Buffalo schools will live to fight another day in court over how much a developer actually profited on the district’s $1.3 billion renovation and construction project.
The school district’s lawsuit to force LPCiminelli to release those financial records was all but dead, until two weeks ago when an appellate court ruling breathed new life into the case and raised further questions about whether the company withheld any information it was required to provide to the district.
The Appellate Division in Rochester ruled for neither side, but punted the question back to a lower court to clear up confusion in the contract language between the district and developer.
The appellate court said there were two conflicting provisions in the contract creating ambiguity on what records the district is entitled to, said John G. Horn, a partner at Harter Secrest & Emery, who represents Buffalo Public Schools.
One provision requires LPCiminelli to disclose all information that would be available to the state Education Department in an audit, which presumably includes administration and construction costs. The other provision would require access only to those records that have to do with the "construction contingency" of the stipulated sum that LPCiminelli was paid, according to the court's written decision.
The interplay between the two is "ambiguous," the appellate court wrote in a dense and technical eight-page ruling. It added, "we cannot interpret the contract in such a manner as to render either provision meaningless."
“They didn’t say one side should win or the other side should win, they simply said, ‘We don’t know what this means,’ ” said Benjamin M. Zuffranieri, Jr., an attorney for the Hodgson Russ law firm that represents LPCiminelli.
Zuffranieri downplayed the significance of the ruling – which was a split 3-2 decision by the panel of judges – but Horn viewed it as a victory in a case that has not been going the school district’s way.
“We live to fight another day,” Horn said.
“Our hope is, as the case goes forward, the district and the public will be afforded an opportunity to see the project cost records that, at this point, LPCiminelli has been able to keep to itself,” Horn said.
The district sued LPCiminelli two years ago after Carl P. Paladino – then a member of the School Board – raised allegations of profiteering by the company. His allegations prompted an analysis conducted in 2015 by The Buffalo News, which found that approximately $400 million of spending on the project was undocumented in public records.
But in 2017, State Supreme Court Justice Timothy J. Walker decided LPCiminelli fulfilled its obligations to renovate dozens of schools and dismissed several aspects of the lawsuit, including this breach-of-contract claim that went before the appellate court.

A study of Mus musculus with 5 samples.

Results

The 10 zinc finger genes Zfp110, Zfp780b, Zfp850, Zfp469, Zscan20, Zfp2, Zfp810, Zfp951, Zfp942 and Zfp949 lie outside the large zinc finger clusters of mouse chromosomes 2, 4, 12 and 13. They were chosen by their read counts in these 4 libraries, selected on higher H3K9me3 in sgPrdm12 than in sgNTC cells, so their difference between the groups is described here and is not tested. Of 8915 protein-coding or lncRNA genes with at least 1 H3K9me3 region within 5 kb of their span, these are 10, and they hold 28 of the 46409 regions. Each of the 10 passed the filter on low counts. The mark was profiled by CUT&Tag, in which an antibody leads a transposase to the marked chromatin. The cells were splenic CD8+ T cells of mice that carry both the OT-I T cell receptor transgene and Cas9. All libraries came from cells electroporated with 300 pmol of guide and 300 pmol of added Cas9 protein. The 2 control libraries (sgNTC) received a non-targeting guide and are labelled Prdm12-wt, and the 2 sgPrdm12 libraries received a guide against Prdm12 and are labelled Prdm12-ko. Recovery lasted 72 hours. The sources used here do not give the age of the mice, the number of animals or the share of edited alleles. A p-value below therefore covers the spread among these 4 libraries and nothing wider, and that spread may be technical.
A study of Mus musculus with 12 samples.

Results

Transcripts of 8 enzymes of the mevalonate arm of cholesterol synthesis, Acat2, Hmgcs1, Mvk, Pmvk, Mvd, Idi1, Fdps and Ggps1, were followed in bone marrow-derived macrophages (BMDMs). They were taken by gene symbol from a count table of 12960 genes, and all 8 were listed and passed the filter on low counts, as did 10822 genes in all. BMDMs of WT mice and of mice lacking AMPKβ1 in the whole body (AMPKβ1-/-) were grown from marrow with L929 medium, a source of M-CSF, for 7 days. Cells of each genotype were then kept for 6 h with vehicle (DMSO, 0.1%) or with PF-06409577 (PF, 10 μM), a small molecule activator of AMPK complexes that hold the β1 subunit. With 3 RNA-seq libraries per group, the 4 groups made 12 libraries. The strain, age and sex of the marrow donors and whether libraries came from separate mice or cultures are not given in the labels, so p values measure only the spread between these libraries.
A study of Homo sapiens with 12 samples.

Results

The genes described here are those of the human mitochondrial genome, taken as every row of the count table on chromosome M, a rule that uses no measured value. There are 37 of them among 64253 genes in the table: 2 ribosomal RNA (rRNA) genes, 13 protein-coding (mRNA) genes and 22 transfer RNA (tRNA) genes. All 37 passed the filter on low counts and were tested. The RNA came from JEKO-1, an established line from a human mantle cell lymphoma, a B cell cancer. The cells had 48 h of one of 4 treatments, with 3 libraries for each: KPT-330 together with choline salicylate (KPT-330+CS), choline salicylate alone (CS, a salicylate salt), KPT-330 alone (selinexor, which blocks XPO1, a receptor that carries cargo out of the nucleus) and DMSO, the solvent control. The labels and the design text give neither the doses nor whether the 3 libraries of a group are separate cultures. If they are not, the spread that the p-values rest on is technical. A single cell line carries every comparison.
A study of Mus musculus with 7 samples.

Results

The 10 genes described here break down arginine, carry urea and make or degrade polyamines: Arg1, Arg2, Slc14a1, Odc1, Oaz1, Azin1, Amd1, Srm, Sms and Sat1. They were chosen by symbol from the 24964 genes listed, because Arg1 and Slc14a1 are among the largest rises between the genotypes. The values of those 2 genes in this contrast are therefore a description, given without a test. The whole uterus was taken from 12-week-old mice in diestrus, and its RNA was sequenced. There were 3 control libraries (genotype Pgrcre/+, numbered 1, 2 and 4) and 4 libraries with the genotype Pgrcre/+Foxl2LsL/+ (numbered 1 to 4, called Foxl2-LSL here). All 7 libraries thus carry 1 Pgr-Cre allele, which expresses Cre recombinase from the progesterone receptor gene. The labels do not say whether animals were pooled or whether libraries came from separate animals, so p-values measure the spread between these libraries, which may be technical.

Last month, LPCiminelli won another big victory when State Supreme Court Judge Deborah A. Chimes found no evidence the company hid information from the district or failed to properly rehabilitate the schools. The judge directed the city school district to pay LPCiminelli nearly $3.2 million – plus interest – that the district owes to the company.
Now, it’s not entirely clear how the Feb. 15 ruling by Chimes might be affected by the appellate ruling a month later on March 16, Horn said.
“The parties are reviewing with their attorneys what the Fourth Department did and the effect – if any – on Justice Chimes’ recent decision,” Horn said. “We’ll be meeting with the courts in the next couple weeks.”
Zuffranieri, the attorney for LPCiminelli, said the appellate ruling doesn’t change anything.
“The appellate decision simply speaks to how much information and records should be provided,” Zuffranieri said. “From my view point, it doesn’t really change the prior decision, but we’re going to work through that with the district.”
“The district already has been paid by the state for the work we did and we just want our money,” Zuffranieri said.
The dispute over the Buffalo schools project is unrelated to federal bid-rigging charges filed last year against three top LPCiminelli executives for the contract on the SolarCity plant at RiverBend. Those criminal charges, denied by the Ciminelli executives, are pending.
Attorneys for the school district filed the lawsuit in February 2016, alleging that LPCiminelli, while managing the massive school renovation project, withheld financial information as part of a scheme to conceal the “excessive profits” it was pocketing. The district asked for the release of all of financial records, documenting how much of the $1.3 billion was spent renovating the 48 schools. The lawsuit also sought an undetermined amount of financial damages, including repayment of the company’s profits, along with punitive damages and interest.
The district said that it would have fired the company – or demanded that more of the money be spent on school renovations – if it knew how much profit LPCiminelli was making.
The project originally was supposed to cost $1 billion, The News reported in January 2015, but the cost increased by hundreds of millions through a series of changes to the original plans, although student enrollment declined and the district scaled back the number of schools to be renovated.